23/09/2022 Finding what works for me at a mood-boosting dance class

A group of women of varying ethnicities dance at a studio
Dancing on prescription

Last weekend, before watching my cousin run the Brighton Marathon for Mind, I attended a Dance for Mood Boosting session on the Hangleton & Knoll Estate in Hove, part of the Prescribe to Thrive offer from the Robin Hood Health Foundation.

Supported by the Thriving Communities Fund, I saw the incredible colour and fun that dancing together can bring to people’s lives and how it can spark conversations that may not have been had otherwise.

What both these things really brought home to me was the importance of looking after your physical and mental wellbeing.

The programmes supported by the Thriving Communities Fund have been a huge step forward in ensuring those most vulnerable to the impacts of Covid-19 can take part in a social prescribing offer locally that is right for them. Social prescribing is all about finding out what matters to a person, and providing them with activities and opportunities that work for them. But that doesn’t mean it’s easy. There are still many barriers to participation.

I wonder how many people didn’t attend on Saturday for fear of entering the room, or anxiety at the thought of meeting new people. I wonder if the digital space offers more to those who have been shielding or who are reluctant to go out into public spaces yet. I wonder how many people are attending following a prescription from the GP or have the referred themselves to take part.

A joyful experience

Digital support has its own barriers, which is why I’ve been particularly inspired by the Robinhood Health Foundation. They organised for an engineer to visit older people’s homes throughout the pandemic to ensure they could access social prescribing activities digitally and still experience their weekly group connections.

Those who did make it on Saturday clearly had a joyful and engaging experience, which was wonderful to see. I don’t know from that one class what the ongoing impact on their physical and mental health will be, but in the moment I saw that  it lifted them up.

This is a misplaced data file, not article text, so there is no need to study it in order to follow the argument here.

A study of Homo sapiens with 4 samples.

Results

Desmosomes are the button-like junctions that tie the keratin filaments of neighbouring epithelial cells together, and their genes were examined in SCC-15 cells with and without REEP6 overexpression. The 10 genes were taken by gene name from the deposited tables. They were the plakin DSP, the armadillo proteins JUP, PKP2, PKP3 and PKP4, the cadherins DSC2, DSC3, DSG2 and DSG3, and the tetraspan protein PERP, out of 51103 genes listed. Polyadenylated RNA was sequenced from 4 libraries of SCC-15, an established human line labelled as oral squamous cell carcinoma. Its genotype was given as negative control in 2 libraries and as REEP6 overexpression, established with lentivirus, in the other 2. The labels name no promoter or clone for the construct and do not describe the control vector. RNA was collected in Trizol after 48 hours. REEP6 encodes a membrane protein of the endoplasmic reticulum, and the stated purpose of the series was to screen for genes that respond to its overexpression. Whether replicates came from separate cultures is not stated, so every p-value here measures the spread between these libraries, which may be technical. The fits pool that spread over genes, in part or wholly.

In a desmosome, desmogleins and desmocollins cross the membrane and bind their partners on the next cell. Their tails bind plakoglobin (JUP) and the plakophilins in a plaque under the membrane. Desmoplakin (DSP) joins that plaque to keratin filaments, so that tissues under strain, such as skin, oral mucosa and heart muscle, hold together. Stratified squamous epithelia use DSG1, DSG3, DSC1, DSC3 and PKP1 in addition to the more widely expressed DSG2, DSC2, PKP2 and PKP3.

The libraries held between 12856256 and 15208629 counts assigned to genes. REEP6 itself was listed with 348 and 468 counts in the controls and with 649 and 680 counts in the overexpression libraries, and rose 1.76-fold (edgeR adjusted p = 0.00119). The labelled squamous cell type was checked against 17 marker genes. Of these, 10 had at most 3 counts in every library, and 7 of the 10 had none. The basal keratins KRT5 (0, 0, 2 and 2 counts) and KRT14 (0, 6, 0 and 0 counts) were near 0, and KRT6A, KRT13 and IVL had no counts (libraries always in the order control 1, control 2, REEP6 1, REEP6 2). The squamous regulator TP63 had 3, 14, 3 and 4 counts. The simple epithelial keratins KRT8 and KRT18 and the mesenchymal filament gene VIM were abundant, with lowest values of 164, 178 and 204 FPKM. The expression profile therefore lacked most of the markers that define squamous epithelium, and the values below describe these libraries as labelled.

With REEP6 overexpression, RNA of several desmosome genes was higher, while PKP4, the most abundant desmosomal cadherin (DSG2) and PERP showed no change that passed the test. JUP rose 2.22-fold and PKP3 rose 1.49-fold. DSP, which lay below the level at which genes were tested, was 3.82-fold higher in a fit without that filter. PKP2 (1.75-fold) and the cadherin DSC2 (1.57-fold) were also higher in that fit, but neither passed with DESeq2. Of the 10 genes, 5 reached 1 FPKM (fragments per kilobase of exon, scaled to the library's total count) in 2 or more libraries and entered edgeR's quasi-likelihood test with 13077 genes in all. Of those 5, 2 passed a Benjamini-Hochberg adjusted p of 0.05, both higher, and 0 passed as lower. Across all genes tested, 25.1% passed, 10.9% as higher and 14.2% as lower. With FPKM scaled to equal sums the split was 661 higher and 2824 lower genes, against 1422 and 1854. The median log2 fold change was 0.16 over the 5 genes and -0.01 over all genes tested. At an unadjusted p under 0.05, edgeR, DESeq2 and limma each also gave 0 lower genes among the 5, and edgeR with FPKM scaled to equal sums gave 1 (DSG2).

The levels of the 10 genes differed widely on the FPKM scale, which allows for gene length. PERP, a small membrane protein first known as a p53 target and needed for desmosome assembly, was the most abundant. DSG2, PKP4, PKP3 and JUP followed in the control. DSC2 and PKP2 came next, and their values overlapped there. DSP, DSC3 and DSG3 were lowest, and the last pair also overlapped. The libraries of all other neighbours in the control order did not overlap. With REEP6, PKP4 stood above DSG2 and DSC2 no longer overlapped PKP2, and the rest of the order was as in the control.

To make sure we do know the impact social prescribing is having, we’ll be doing a full evaluation with all 37 of our Thriving Communities Fund projects by March 2022.In the meantime, we’re also learning as we go with co-designed models and projects through collaborative partnerships, which respond to the needs of communities. There’s also plenty of possibility to reflect on what we are learning about collaborative partnership working. This is particularly important as the 42 Integrated Care Systems embed into the NHS and begin to enable Personalised Care to be part of everyone’s health journey throughout their lives.

Will I be doing a marathon like my cousin? As with social prescribing, it’s about finding what is right for me. They may seem like small steps in comparison but mindful journaling, nature walks and yoga work for me to ensure my lived experience of negative mental health is kept in check.

How about you? What’s your outlet to bring you joy? What’s your #OneGoodThing?

Find out more about the Thriving Communities programme and fund, and let us know your #OneGoodThing on Twitter and Instagram.


Dulcie Alexander was the Thriving Communities Fund Programme Manager at NASP.